New Customers Save $30* with code OCTNEW
*New customers only. One-time use per customer. Order must be placed by 10/31/2018. The $30 discount is given for a single order with a minimum of $100 excluding shipping and tax. Items with pricing ending in .97 are excluded and will not count toward the minimum required. Discount does not apply to corporate orders, gift certificates, StewardShip membership fees, select Champagne brands, Riedel glassware, fine and rare wine, and all bottles 3.0 liters or larger. No other promotion codes, coupon codes or corporate discounts may be applied to order.
BOUQUET: Fresh, fragrant, with aromas of apples and spice.
TASTE: Clean and crisp, with an elegant finish of ripe fruit.
GASTRONOMIC SUGGESTIONS: Fish, chicken, seafood.
The history of Folonari dates from 1825, when Francesco Folonari founded the firm in Valcamonica in the Veneto. In the latter half of the 19th century, he and his sons moved to Brescia, establishing one of Italy's first winemaking facilities. They pioneered the production and distribution of wine in bottle, thus making it possible for consumers to drink wines of good and constant quality on an everyday basis. This philosophy continues to guide the firm today as it offers a range of typical regional wines from the most popular viticultural areas.
Folonari Soave is the daily choice of many discriminating wine drinkers, an easy; gentle dry wine, which everyone will enjoy. Pinot Grigio is a fresh, dry varietal with a subtle touch of almonds, grown in the Veneto district, and the perfect step up from Folonari Soave. Compare Folonari Pinot Grigio to examples selling several times its modest price! Merlot, a soft, round red wine pleasing to all palates, is a terrific bargain in a variety, and still very fashionable. In keeping with their tradition of assuring value for money, Folonari also offers a delicious Cabernet Sauvignon at a fraction of the cost of comparable wines as well as other selections in keeping with their tradition of assuring value for money.
Named “Oenotria” by the ancient Greeks for its abundance of grapevines, Italy has always had a culture that is virtually inextricable from wine. Wine grapes are grown just about everywhere throughout the country—a long and narrow boot-shaped peninsula extending into the Mediterranean and Adriatic Seas. The defining geographical feature of the country is the Apennine Mountain range, extending from Liguria in the north to Calabria in the south. The island of Sicily nearly grazes the toe of Italy’s boot, while Sardinia lies to the country’s west. Climate varies significantly throughout the country, with temperature being somewhat more dependent on elevation than latitude, though it is safe to generalize that the south is warmer. Much of the highest quality viticulture takes place on gently rolling, picturesque hillsides.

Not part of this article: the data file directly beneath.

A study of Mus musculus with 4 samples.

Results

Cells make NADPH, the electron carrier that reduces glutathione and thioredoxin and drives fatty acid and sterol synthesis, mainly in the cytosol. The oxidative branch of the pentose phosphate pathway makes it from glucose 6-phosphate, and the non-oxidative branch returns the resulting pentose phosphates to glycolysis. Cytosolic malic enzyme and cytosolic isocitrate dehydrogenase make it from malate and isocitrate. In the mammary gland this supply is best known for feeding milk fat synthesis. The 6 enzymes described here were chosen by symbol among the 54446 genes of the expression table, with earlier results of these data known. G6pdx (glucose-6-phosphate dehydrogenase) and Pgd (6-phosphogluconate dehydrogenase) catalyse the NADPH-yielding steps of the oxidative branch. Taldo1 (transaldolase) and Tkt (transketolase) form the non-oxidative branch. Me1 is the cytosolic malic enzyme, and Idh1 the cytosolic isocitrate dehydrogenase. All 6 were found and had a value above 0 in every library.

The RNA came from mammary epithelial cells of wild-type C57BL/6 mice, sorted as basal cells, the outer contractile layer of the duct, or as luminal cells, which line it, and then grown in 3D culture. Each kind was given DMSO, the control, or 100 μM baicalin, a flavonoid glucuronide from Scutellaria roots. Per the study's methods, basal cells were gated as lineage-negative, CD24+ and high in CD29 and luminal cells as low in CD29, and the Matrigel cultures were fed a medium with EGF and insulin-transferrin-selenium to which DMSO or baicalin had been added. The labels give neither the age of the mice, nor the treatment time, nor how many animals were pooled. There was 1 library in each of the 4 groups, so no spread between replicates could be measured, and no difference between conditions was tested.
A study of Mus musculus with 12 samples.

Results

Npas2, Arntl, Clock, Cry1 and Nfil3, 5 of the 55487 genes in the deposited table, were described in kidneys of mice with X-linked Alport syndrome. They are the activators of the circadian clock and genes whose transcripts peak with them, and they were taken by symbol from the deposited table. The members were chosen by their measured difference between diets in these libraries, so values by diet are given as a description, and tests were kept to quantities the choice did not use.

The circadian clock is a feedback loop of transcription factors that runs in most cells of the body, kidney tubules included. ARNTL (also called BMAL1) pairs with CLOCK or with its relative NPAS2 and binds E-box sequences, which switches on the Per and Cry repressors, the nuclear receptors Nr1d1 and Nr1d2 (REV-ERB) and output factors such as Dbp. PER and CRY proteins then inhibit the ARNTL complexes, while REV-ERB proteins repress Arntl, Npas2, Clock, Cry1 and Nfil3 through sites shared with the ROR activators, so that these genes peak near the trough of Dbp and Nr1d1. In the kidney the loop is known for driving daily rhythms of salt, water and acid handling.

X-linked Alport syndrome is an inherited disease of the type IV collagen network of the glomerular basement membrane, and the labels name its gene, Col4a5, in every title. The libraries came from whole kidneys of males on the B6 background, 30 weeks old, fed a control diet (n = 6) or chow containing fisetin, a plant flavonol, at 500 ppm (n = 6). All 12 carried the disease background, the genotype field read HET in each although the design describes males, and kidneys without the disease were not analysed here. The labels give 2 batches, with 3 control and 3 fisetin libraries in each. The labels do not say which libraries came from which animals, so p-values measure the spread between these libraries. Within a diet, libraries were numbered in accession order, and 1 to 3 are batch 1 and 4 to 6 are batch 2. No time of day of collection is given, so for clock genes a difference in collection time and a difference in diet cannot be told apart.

Italy boasts more indigenous varieties than any other country—between 500 and 800, depending on whom you ask—and most wine production relies upon these native grapes. In some regions, international varieties have worked their way in, but their use is declining in popularity, especially as younger growers begun to take interest in rediscovering forgotten local specialties. Sangiovese is the most widely planted variety in the country, reaching its greatest potential in parts of Tuscany. Nebbiolo is the prized grape of Piedmont in the northwest, producing singular, complex and age-worthy wines. Other important varieties include Montepulciano, Trebbiano, Barbera, Nero d’Avola and of course, Pinot Grigio.
One of the most popular and versatile white wine grapes, Chardonnay offers a wide range of flavors and styles depending on where it’s grown and how it’s made. In Burgundy, Chardonnay produces some of the finest white wines in the world, typically tending towards minimal intervention in the winery and at its best resulting in remarkable longevity. This grape is popular throughout the world, but perhaps its second most important home is in California, where both oaky, buttery styles and leaner, European-inspired wines enjoy great popularity. Oregon, Australia, South America, South Africa, and New Zealand are also significant producers of Chardonnay.
In the Glass
When planted on cool sites, Chardonnay’s flavors tend towards grapefruit, green apple, minerals, and white stone fruit, while warmer locations coax out richer, more tropical flavors of fig, melon, and pineapple. Oak can add notes of vanilla, coconut, and spice (as well as texture), while malolactic fermentation can impart soft, buttery acidity.
Chardonnay is as versatile at the table as it is in the vineyard. The crisp, clean, Chablis-like styles go well with simple seafood, light chicken dishes, and salads. Richer Chardonnays marry well with cream or oil-based sauces.
Since the 1990s, big, oaky, buttery Chardonnays from California have enjoyed explosive popularity. More recently, the pendulum has begun to swing in the opposite direction, towards a clean, crisp style that rarely utilizes new oak. These Old-World style wines have been dubbed the “New California Chardonnays,” and anyone who claims they do not like Chardonnay should give them a try.